If you're managed to get yourself into a person vs lion situation, you probably don't know what to do about it. Thankfully, the internet is here for you

If you find yourself in a fight against a lion, as one unfortunate Canadian did recently, things have probably already gone pretty badly for you. You’re probably lost in the open plains of Africa, alone, at night. Try to avoid that, if at all possible. But, really, any time you’re near lions, you should be careful. Lauren Fagen, the injured Canadian, was attacked while volunteering at a wildlife rehabilitation center in South Africa.

If you have managed to get yourself into a person vs. lion situation, you probably don’t know what to do about it. Thankfully, the internet is here for you. More so than it probably should be.

The first thing to know about surviving a lion attack is to not run. It should not surprise you that a lion is way faster than you, but in case you need numbers: the fastest human to ever live, Usain Bolt, can run 27.79 miles per hour. A lion can run 50 miles per hour. So stand still. As one Quora answerer put it, “If you run, you’ll only die tired.”

While you’re standing still, the next thing to do is figure out what the lion wants. Lions that are feeling threatened will swish their tails back and forth, much like your cat does. Lions that are hunting try to stay as still as possible, holding their tails rigid. If a lion is hunting you, this is very bad for you.

Should the lion charge you, you still must not run. This will obviously be difficult, as Discover Wildlife says, in what could be described as an understatement, “Being charged by a lion when you are on foot is extremely frightening.” No matter how scared you are, do not run, and do not turn your back to the lion. If it helps, Discover Wildlife says that “most charges are mock charges, so you will usually be fine.”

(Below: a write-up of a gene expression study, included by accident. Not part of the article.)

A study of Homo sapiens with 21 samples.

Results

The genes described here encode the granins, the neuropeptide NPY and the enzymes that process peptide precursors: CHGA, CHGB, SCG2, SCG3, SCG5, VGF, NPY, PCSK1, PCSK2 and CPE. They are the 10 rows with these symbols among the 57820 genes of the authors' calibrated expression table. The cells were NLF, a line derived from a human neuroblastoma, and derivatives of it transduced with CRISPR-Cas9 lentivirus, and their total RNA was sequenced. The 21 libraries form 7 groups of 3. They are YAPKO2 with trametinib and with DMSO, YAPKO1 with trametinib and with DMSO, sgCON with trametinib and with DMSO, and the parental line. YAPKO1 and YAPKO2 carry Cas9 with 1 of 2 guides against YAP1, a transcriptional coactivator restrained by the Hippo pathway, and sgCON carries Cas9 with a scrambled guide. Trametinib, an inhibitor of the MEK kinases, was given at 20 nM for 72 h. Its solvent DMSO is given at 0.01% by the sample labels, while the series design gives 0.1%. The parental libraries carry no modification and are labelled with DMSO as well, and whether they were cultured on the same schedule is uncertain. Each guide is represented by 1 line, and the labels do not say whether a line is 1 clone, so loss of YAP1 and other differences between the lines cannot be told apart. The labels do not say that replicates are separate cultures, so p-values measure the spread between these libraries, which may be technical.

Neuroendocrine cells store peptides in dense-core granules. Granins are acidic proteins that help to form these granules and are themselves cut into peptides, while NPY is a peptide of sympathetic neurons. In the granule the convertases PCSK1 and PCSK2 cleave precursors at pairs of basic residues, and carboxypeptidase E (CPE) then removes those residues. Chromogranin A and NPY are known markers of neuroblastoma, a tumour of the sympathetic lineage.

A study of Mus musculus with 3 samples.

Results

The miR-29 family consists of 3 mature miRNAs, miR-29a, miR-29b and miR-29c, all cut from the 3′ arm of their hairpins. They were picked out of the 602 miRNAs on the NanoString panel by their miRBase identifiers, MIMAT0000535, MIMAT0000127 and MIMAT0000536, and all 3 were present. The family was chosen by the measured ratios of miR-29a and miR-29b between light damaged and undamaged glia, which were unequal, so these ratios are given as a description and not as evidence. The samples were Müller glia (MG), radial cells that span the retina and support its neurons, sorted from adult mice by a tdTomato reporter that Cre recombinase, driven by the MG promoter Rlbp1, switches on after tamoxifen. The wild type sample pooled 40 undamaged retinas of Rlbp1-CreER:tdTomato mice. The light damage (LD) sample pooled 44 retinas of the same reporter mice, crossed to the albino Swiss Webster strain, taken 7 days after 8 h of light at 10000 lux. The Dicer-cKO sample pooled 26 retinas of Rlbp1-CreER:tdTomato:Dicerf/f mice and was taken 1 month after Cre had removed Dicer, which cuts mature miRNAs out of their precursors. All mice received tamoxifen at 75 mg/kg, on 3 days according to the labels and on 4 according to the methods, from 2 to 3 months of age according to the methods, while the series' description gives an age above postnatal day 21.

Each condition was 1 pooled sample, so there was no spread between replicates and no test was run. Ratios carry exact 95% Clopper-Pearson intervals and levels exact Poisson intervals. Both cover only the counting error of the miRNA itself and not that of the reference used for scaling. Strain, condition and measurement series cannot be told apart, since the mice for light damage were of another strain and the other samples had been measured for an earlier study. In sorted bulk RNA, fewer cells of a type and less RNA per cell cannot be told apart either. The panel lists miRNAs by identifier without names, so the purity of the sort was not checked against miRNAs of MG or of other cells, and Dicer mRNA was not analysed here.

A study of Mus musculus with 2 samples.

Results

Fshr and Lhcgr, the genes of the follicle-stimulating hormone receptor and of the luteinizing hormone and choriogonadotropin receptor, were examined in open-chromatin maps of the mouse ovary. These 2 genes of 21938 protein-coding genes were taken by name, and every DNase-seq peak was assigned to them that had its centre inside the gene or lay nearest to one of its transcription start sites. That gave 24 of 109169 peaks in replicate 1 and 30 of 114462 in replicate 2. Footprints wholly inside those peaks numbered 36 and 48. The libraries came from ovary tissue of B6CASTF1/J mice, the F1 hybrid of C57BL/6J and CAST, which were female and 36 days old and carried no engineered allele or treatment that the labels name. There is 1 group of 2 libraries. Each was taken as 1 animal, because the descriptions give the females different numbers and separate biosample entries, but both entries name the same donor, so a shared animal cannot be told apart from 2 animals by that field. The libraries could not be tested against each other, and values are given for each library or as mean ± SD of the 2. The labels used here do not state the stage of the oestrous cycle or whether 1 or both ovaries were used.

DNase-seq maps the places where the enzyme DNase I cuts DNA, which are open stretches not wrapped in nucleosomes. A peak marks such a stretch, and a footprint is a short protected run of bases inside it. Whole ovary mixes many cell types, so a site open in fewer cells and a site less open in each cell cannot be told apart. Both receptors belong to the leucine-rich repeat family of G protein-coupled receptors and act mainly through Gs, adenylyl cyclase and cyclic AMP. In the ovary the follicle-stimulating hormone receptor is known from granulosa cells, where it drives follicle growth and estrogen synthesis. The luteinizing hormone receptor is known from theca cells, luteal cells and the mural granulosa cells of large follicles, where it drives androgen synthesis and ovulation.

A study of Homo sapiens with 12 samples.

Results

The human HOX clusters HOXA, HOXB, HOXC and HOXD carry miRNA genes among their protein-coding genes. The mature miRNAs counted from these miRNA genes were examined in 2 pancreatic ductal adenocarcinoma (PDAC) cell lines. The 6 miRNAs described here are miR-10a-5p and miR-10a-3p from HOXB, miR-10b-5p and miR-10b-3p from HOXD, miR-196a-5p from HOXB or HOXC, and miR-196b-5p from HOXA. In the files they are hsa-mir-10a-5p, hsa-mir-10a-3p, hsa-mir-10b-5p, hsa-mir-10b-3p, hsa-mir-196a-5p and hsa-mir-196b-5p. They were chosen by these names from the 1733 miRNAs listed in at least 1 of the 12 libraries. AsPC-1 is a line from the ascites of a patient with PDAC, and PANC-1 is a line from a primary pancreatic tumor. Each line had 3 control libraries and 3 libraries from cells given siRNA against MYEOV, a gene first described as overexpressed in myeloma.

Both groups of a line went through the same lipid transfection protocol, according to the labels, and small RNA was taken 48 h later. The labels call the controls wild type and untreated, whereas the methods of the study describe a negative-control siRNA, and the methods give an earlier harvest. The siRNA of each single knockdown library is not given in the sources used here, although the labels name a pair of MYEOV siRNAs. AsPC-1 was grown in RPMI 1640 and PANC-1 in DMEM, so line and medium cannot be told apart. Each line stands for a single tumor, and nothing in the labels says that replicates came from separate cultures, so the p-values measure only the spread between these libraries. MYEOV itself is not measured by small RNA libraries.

In many animal attacks the advice is to make yourself look bigger. You see this a lot in lion attack advice, too. But remember, lions regularly take on (and eat) zebras, giraffes, elephants and buffalo—all animals notably larger than you are. Oh, and also, don’t climb a tree, because lions can climb trees better than you can. There’s a reason they’re the top predator. “The lion hunts terrified prey every day. You’ve don’t have much experience with lion fighting.  On that basis alone, its got a serious advantage,” writes a Quora user.

You might have also heard that fire wards off lions. This worked in The Jungle Book. It will not work for you. Most lions are not afraid of campfires and will walk around them to see what’s going on.

But if you want advice rather than a reminder that you’ll likely lose this fight, another member of Quora has some. Rory Young, a Safari Guide, has this to say:

If you see stalking indications then raise your arms above your head and wave them and most importantly SHOUT YOUR HEAD OFF. If you have something in your hand then throw it at the lion. Even if the lion charges you do not run. Believe me this can be extremely intimidating. They charge at 80 km per hour and the roaring is deafening. If you have frozen and then lion is not approaching but not leaving either then start to back slowly away. If it starts to move then freeze immediately. If you have frozen and then lion is not approaching but not leaving either then start to back slowly away. If it starts to move then freeze immediately.

But most sites say that your best bet is spraying the lion with pepper spray. Or shooting it with a gun. You didn’t bring either of those on your walk alone through the African plains? Well, then you’d best stay quite still.

More from Smithsonian.com:

The Science of How to Survive a Bear Attack
The Most Infamous Komodo Dragon Attacks of the Past 10 Years

Rose Eveleth

Rose Eveleth is a writer for Smart News and a producer/designer/ science writer/ animator based in Brooklyn. Her work has appeared in the New York Times, Scientific American, Story Collider, TED-Ed and OnEarth.